There really has been no meeting such as this in the U.S. and it’s about time to bring our wide ranging disciplinary theories/methodologies together under the theme of cultural heritage/heritage studies and see what connections can be made, if it’s a valuable tool for greater interdisciplinarity, and for increasing our contributions to the ever-growing global discourse.
Keynote: Professor Laurajane Smith, Head, School of Archaeology and Anthropology, Director, Centre for Heritage and Museum Studies, Australian National University; Editor in Chief, International Journal of Heritage Studies; co-founder of the Association of Critical Heritage Studies; author of Uses of Heritage (Routledge, 2006), among other books.
FRIDAY JUNE 16: Carl R. Reng Student Union, Mockingbird Room (3rd floor)
8:45 A.M. Coffee and pastries
|9:00 A.M. WELCOME – Michelle Stefano, American Folklife Center / ACHS-US|
|ROUNDTABLE ONE: CONNECTING TO HERITAGE STUDIES: THEORY AND PRACTICE / 10:00 – 12:00 P.M.|
|HISTORY/ PUBLIC HISTORY, MUSEUM STUDIES, HISTORIC PRESERVATION||With: ERIK GILBERT, Arkansas State University, CHRISTINA KREPS, University of Denver, JEREMY WELLS, University of Maryland, College Park, ANDREA ROBERTS, University of Texas at Austin, BETSY BRADLEY, Goucher College|
|LUNCH 12 – 1:15|
|ROUNDTABLE TWO: CONNECTING TO HERITAGE STUDIES: THEORY AND PRACTICE / 1:30 – 3:30 P.M.|
|ANTHROPOLOGY, PUBLIC FOLKLORE/ ETHNOMUSICOLOGY, ENVIRONMENTAL STUDIES, ECOFEMINISM/LITERARY CRITICISM||With: MARIBEL ALVAREZ, University of Arizona/The Southwest Folklife Alliance, JOHN FENN, American Folklife Center, Library of Congress, TOM WALKER, Goucher College, BRYAN MOORE, Arkansas State University|
|ROUNDTABLE THREE: CULTURAL HERITAGE AND MEDIA/ 3:45 – 5:15 P.M.|
|ARCHIVES, LIBRARY SCIENCES, DIGITAL HERITAGE||
With: JEROME MCDONOUGH, U of Illinois, GABRIEL TAIT, A-State, NATALIE UNDERBERG-GOODE, University of Central Florida, CRYSTAL SHURLEY and MARY DUNN, Arkansas State Archives, SHANNON LAUSCH, University of Arkansas, Little Rock
7:00 p.m. reception at the home of Heritage Studies Doctoral Program Director, Lauri Umansky & Peter Onek
SATURDAY JUNE 17: Carl R. Reng Student Union, Mockingbird Room (3rd floor)
|SESSION ONE: HERITAGE DESIGNATION, REGULATION, AND NEGOTIATION / 9:00 – 10:20 A.M.|
|RODRIGO CHOCANO, Indiana University Bloomington||Intangible heritage, tangible struggle: Participation practices, attributes and agendas in a Peruvian music festival|
|CHELLE HAYNES, University of Oregon||The fortune and glory of the San José: Whose treasure is it? Exploring legal ownership and considerations for the future of Colombian submerged patrimony|
|JEREMY WELLS, University of Maryland, College Park||Mixing Oil and Water: Ontological, Epistemological, Legal, and Educational Barriers to Emancipating Heritage|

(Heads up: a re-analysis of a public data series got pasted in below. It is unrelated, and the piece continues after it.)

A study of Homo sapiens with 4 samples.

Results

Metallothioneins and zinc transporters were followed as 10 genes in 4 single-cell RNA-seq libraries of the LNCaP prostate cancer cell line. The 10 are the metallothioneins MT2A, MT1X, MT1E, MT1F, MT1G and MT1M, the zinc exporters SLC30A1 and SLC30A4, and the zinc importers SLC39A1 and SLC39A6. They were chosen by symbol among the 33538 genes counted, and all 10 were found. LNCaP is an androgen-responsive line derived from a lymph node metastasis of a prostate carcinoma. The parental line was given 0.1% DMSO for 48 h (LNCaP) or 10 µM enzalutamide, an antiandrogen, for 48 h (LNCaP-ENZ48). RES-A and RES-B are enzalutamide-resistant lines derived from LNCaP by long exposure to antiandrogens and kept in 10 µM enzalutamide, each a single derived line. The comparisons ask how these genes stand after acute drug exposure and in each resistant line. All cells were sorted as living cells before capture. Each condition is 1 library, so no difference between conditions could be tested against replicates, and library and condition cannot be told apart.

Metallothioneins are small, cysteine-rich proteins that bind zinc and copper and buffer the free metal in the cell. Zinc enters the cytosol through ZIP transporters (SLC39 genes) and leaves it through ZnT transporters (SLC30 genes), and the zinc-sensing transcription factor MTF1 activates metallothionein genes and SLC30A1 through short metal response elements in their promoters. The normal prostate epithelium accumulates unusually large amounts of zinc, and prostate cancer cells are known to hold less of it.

|SESSION TWO: COMMUNITY-BASED HERITAGE WORK
10:40 – 12:00 P.M. / Chair: John Fenn, American Folklife Center
|RICHARD VIDUTIS, Recordations, LLC
|Missed Opportunities-The Absence of Ethnography in America’s Cultural Heritage Programs|
|WILLIAM NITZKY, California State University, Chico||Reflections on Participation and Pedagogy in the Museum: Hmong Community Heritage on Display|
|KILEY MOLINARI, University of Oklahoma
|The Importance of the Accessibility of Museum Collections: Creating a Potential “Pocket Archive” for the Apsáalooke People|
1:30 P.M. KEYNOTE: LAURAJANE SMITH, AUSTRALIAN NATIONAL UNIVERSITY (Mockingbird)
|SESSION THREE: BELONGING, PLACE, AND MEMORY-MAKING / 3:00 – 4:45 P.M.|
|ANDREA R. ROBERTS, University of Texas at Austin||Hidden Planning History & Contemporary Preservation of African American Vernacular Landscapes in Rural East Texas|
|BRYAN ORTHEL||Sustaining heritage in divided, contemporary America: A case example from the Front Range, Colorado|
|FELIX BURGOS, University of Maryland, Baltimore County||Representing Memories of Violence and Resistance in Colombia|
|RUTH HAWKINS and PAULA MILES, A-State University||Creating a Sense of Place in the Arkansas Delta|
7:00 p.m. evening out @ the ROUND UP MUSIC SHOW!
9171 US-49 Business, Brookland, AR – $8.00 admission fee, payable at the door
SUNDAY JUNE 18: Room 1028 Humanities and Social Science Bldg.
|ROUNDTABLE: HERITAGE STUDIES AT THE UNIVERSITY / 9:30 – 11:00 A.M.
11:15 A.M. CRITICAL HERITAGE STUDIES PLANNING MEETING
For all three days, it is closest to park in the North Parking Deck, adjacent to the Reng Center. Visitors may park in street-level designated visitor parking zones (no charge) indicated with a blue sign with a white “V” painted on the space. We have reserved some visitor tags which will allow free parking in numbered spaces (with a green sign) at no charge. Pick up the hang tag at the registration desk, or contact us and we’ll drop one off for you at your hotel. There’s no charge for these tags if you received one from a consortium organizer. Avoid “reserved” slot with the red signs.
You’ll need to enter the parking garage from Johnson Avenue by turning South onto Caraway Road. The garage is on the right side of Caraway. Continue into the garage and park on street level in any numbered or visitor’s spot. You’ll enter into the third floor of the Reng Center, and the Mockingbird Room is about ¾ of the way down this hall. Be aware that it’s the 3rd floor of Reng, but it’s level with the 2nd floor of parking as listed in the elevator. Visitors may also use paid meters on campus, or park in other “V” slots in other lots. Payment is required at the rate displayed from the meter/pay station. No permit is required.